Register as an Organ and Tissue Donor to Help Others
Registering as a donor is a simple step that can help countless others. One organ donor can save up to nine lives – making a difference for the 100,000-plus Americans who are on the national transplant waiting list.
A tissue donor can help more than 150 people. One in 20 Americans will need a tissue transplant in his or her lifetime. Often this helps people who suffer from chronic and debilitating conditions. In some cases, donated tissue can save a life.
Other options include donating corneas to restore sight for two people, or donating for research to support medical breakthroughs that end up helping thousands.
Register as a donor using an easy online process:
Don’t forget to talk to your family and friends about donation. Be ready to answer questions and share viewpoints. Talk about all the good that comes from donation, and why it’s important to you. Our Having the Talk resource offers more tips on how to approach this important conversation. You can learn more about all the good that comes from donation in our Stories of Hope.
Read on for facts about organ and tissue donation.
Anyone can be a donor
There is no age limit for donation. The oldest organ donor in U.S. history was 95. The oldest cornea donor was 102.
You can also be considered for donation no matter what your health status. HIV-positive men and women can donate organs to recipients with HIV, for example.
Donating for research is another possibility. These gifts can help scientists develop valuable insight into disease progression and drug development to help countless others.
Don’t rule yourself out. Anyone can be a donor.
Registering as a donor does not affect medical care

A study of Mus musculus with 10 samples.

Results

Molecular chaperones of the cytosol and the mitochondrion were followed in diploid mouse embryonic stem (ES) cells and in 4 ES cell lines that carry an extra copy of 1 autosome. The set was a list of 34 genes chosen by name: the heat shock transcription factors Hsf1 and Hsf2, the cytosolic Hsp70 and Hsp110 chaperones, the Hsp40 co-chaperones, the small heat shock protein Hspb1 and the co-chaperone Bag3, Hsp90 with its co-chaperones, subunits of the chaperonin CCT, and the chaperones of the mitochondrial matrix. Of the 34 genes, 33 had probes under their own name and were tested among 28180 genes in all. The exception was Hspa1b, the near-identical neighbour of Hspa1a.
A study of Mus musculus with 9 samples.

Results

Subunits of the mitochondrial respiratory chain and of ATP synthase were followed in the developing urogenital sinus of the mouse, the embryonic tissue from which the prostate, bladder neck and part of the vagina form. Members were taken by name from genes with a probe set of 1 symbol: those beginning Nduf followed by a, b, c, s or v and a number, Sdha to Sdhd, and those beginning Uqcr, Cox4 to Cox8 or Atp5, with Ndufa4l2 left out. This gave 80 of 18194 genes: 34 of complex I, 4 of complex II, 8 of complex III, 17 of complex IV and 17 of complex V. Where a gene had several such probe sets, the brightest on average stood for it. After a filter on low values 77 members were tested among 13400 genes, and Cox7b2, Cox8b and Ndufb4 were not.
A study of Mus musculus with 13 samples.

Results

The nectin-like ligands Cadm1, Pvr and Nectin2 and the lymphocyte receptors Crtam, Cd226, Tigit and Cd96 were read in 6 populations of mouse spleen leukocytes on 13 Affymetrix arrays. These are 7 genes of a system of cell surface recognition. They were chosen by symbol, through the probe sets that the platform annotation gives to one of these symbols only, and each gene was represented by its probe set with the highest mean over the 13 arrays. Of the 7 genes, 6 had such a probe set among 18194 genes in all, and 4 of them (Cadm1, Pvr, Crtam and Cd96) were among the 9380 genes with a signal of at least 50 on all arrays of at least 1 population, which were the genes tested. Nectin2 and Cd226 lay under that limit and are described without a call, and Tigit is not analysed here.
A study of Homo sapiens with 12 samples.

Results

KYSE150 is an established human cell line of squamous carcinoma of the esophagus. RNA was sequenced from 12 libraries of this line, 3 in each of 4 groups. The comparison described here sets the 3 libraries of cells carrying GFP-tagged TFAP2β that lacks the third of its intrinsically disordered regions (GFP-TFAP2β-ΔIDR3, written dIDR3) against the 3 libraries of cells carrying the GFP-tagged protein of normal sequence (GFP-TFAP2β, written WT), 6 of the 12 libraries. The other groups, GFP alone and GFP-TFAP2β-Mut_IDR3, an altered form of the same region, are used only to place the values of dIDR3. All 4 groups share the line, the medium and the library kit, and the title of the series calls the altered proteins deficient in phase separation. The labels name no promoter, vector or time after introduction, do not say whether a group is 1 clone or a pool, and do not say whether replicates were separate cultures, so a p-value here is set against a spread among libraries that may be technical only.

Registering as a donor does not affect medical treatment. Doctors and hospital staff will always focus on providing lifesaving care. You are their top priority.
Only 1-2% of all people will be able to donate organs when they die. One way this can happen is with a devastating and irreversible brain injury that meets the medical criteria for death. In that case, a separate team, which does not work for the hospital, would come in to facilitate the donation process. The first step would be to assess whether or not you are registered as a donor, and to talk to your family.
There is never any cost to donate
Costs related to donation are never passed on to your family.
Donation does not limit funeral plans
Donors are treated with the utmost respect through the entire process. An open-casket funeral is still an option following donation.
Strict guidelines ensure the donation process is fair for everyone
Movies and shows can spread inaccurate information about donation. In reality, there are strict standards that guide the process – and the transplant community is working hard to keep improving those guidelines. A national system matches organs with people on the waiting list based on blood type, body size, how sick they are, geographic distance, tissue type, and time on the list. The top priority is to save lives. Sexual orientation, gender, race, income, celebrity, and social status are never considered.